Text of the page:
D-Day director Nikhil Advani is remaking Homeland for Indian viewers
The director said he will be adapting the original Israeli series Hatufilm on which Homeland is based.tv Updated: Apr 05, 2016 15:06 IST
We don’t know how to feel about this. Director Nikhil Advani is remaking popular American political-thriller series Homeland for Indian TV. And while his movie D-Day more than qualifies him for the task, his recent bombs like Katti Batti and Hero are making us think twice.
The director said he will be adapting the original Israeli series Hatufilm on which Homeland is based.
“It’s not specifically a remake of Homeland but the Israeli series Hatufim on which Homeland is based. So yes, I am doing the show for Star (network) and they will do an announcement soon. But I can’t reveal other details,” Nikhil told PTI.
The series follows the story of CIA operative Carrie Mathison on the lookout for an American prisoner who may have joined forces with Al-Qaeda. Released from hostage after eight years, Marine Nicholas Brody becomes her suspect.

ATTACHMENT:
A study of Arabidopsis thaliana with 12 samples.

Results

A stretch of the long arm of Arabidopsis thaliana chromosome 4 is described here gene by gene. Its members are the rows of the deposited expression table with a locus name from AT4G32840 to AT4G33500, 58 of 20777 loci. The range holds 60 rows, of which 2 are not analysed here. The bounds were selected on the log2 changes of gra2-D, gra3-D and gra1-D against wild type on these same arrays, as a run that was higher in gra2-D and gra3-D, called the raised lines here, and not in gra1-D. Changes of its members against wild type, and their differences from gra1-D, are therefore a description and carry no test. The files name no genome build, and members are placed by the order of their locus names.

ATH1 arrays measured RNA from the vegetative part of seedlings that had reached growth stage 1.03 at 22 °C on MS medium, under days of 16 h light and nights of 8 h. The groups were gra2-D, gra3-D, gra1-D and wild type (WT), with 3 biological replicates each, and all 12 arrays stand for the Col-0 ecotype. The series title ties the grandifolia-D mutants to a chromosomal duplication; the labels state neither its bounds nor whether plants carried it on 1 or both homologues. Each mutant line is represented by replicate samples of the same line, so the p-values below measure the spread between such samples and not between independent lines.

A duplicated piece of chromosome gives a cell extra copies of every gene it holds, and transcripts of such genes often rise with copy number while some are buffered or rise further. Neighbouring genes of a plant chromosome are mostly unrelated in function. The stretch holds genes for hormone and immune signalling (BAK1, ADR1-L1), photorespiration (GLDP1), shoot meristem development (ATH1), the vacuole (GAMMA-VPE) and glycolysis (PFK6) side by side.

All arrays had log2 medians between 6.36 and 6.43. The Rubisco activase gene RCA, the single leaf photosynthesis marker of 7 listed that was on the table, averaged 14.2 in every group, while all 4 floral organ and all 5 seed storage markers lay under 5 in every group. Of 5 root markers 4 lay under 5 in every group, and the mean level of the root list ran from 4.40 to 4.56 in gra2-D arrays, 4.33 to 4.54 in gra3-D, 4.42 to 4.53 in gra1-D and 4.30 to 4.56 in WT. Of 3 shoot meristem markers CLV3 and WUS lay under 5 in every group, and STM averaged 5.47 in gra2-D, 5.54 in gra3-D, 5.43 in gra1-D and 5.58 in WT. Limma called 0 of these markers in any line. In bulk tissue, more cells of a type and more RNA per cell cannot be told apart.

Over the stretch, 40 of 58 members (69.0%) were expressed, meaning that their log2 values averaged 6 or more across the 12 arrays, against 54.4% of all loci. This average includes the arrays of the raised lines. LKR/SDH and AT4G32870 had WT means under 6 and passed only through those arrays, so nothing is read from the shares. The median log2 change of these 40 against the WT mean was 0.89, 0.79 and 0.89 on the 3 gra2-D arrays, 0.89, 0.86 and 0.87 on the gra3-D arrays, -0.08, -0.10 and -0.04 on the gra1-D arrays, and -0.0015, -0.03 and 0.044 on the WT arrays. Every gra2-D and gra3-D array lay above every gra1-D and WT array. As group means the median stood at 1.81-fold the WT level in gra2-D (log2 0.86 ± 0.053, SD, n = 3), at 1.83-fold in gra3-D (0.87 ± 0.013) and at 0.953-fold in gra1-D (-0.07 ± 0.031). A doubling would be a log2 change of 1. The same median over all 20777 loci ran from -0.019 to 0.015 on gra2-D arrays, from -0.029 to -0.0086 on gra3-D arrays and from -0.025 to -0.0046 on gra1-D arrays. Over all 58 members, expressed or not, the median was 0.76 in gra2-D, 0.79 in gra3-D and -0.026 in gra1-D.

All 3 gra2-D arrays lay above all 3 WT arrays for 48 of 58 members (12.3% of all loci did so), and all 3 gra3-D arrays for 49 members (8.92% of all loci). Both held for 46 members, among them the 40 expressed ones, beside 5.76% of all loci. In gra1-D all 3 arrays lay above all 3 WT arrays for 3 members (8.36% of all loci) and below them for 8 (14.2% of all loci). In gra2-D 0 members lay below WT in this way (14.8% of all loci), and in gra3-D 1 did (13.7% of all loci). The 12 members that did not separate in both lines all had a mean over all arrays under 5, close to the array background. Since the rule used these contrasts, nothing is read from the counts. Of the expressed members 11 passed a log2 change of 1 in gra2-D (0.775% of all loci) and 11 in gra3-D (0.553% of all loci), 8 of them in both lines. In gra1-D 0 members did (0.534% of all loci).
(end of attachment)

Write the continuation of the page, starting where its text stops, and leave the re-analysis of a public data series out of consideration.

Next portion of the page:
The director is also working on his next feature film Baazaar, set to go on floors this year. There were reports that he was in talks with Akshay Kumar to play the lead role but Nikhil did not divulge any details.
Meanwhile, he has made a short film for the Zeal for Unity initiative titled Guddu Engineer.
Nikhil says he intentionally kept the spelling of engineer wrong as the film is about a mischievous character.
“The boy is studying in BHU (Banaras Hindu University) and he is quite mischievous, he is not able to spell the word properly but he is doing engineering. Also, it made sense for numerological reason. It is a love story but is also about college students, the politics and the choices they have to make.”
The 44-year-old Kal Ho Na Ho helmer shot the 35-minutes film in five days in Varanasi, after almost six months of prior planning.
The initiative features short films by 12 filmmakers, six Indian and as many Pakistani, to make 12 different movies, as an effort to ease the tension between India and Pakistan.
Nikhil says an initiative like this acts as a “catalyst” to start good things between the two countries.
“An initiative like this is at least a start, a beginning. It acts as a catalyst to trigger good things for both the countries. People on both sides of the border want nothing but peace and happiness.”